Delaware court rules against Moyer Academy, City of Wilmington

A legal attempt to stall the closing of a Wilmington charter school has failed.


Late last year, the Maurice J. Moyer Academic Institute and the City of Wilmington sued the state of Delaware after its department of education voted unanimously to revoke the school’s charter. They hoped the New Castle County Court of Chancery would issue an injunction voiding the decision.

Judge Andre Bouchard denied that motion Friday saying, in part, “It is the responsibility of State officials…to make the tough decisions concerning whether a charter school is meeting its obligations under the Charter School Act.”


Absent an appeal, the ruling means that New Moyer will close as scheduled at the end of the 2015 school year.

“We will continue to work with students and their families as they transition to new schools,” said department of education spokesperson Alison May in a statement.

The latest decision could well spell the end for a charter school that has faced various troubles in various forms over the years.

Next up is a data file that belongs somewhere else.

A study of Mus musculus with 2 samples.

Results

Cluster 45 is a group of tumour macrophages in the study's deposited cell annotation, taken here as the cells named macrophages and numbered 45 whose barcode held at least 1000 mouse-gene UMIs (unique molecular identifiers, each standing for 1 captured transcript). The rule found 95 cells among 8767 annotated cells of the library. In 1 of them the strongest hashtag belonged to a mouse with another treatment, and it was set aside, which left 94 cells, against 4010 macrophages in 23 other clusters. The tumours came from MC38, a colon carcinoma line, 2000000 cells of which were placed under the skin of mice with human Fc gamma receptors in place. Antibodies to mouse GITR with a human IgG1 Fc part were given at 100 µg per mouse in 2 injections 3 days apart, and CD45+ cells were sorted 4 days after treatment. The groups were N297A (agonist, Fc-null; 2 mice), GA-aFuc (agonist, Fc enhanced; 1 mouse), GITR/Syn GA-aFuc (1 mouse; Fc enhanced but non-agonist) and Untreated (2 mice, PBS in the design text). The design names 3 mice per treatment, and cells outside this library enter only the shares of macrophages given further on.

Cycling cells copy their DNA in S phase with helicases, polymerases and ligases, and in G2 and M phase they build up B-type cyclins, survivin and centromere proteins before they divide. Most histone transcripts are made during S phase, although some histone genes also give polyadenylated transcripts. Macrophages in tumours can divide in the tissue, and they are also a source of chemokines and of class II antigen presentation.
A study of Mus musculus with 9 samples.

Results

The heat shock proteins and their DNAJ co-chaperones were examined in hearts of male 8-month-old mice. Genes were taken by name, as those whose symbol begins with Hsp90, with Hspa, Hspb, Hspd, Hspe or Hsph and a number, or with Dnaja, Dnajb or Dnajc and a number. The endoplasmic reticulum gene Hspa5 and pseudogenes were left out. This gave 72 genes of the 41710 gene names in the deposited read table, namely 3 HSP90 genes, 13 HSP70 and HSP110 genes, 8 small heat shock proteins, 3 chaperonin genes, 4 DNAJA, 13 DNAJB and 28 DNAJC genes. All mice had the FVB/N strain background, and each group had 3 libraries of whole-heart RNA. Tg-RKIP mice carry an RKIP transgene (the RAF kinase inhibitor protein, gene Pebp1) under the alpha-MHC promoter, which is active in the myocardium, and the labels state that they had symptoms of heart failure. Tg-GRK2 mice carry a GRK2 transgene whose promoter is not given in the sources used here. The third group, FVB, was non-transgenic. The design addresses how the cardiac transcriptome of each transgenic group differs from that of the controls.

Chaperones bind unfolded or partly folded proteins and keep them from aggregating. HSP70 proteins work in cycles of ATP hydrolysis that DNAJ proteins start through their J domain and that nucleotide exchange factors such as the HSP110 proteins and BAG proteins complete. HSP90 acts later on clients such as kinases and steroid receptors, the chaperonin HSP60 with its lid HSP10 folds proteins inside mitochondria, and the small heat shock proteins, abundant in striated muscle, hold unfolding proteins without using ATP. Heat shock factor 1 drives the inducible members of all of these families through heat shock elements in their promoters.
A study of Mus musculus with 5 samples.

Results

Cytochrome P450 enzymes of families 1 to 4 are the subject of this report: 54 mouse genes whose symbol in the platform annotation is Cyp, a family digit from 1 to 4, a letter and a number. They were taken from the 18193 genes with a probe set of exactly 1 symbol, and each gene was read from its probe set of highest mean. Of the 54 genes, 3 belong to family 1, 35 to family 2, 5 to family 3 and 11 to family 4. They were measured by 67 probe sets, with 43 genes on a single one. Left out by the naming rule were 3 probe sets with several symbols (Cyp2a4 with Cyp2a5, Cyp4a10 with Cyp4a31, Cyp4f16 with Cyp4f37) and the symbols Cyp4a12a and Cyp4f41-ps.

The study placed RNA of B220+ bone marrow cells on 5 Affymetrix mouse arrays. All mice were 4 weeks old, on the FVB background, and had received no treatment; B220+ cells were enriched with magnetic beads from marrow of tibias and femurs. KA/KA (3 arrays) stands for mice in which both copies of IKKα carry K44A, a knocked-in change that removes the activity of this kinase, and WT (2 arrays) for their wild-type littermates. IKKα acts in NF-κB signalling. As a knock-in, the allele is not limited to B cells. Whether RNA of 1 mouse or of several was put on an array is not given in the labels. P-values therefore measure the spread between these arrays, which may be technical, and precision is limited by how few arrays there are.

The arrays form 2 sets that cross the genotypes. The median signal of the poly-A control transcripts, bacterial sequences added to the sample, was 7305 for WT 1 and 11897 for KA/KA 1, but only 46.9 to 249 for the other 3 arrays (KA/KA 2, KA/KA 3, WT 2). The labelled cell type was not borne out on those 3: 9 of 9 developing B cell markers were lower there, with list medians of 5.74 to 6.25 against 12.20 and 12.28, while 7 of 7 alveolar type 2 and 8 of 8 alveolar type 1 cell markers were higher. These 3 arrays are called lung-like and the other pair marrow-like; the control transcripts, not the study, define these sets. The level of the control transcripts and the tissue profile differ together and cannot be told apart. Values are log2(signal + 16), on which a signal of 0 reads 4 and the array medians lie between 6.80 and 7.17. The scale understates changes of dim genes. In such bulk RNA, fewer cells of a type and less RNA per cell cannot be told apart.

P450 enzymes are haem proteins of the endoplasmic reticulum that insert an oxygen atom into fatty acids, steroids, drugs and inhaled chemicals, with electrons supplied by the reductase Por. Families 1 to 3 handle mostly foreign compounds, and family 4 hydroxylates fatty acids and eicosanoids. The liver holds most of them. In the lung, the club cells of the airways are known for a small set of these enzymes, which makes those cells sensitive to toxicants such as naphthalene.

The Maurice J. Moyer Academy opened originally in 2006, but closed four years later because of academic woes. The state granted it another charter in 2012 under a new name, the Maurice J. Moyer Academic Institute (or “New Moyer”). The state then revoked that charter because of concerns about academics and curriculum.

The state noted in its revocation letter that New Moyer had the lowest test scores of “any charter school in the state.”

Friday’s ruling marks a victory for the state, which last year saw a federal judge side with the plaintiff in a similar case. In that suit, Reach Academy for Girls said the state acted in a discriminatory way in closing its all-girls school while an all-boys charter remained open. The judge, Leonard P. Stark, issued a one-year injunction.  

Reach Academy returned to the same court Friday to ask for another injunction after the state once again decided to not renew the school’s charter.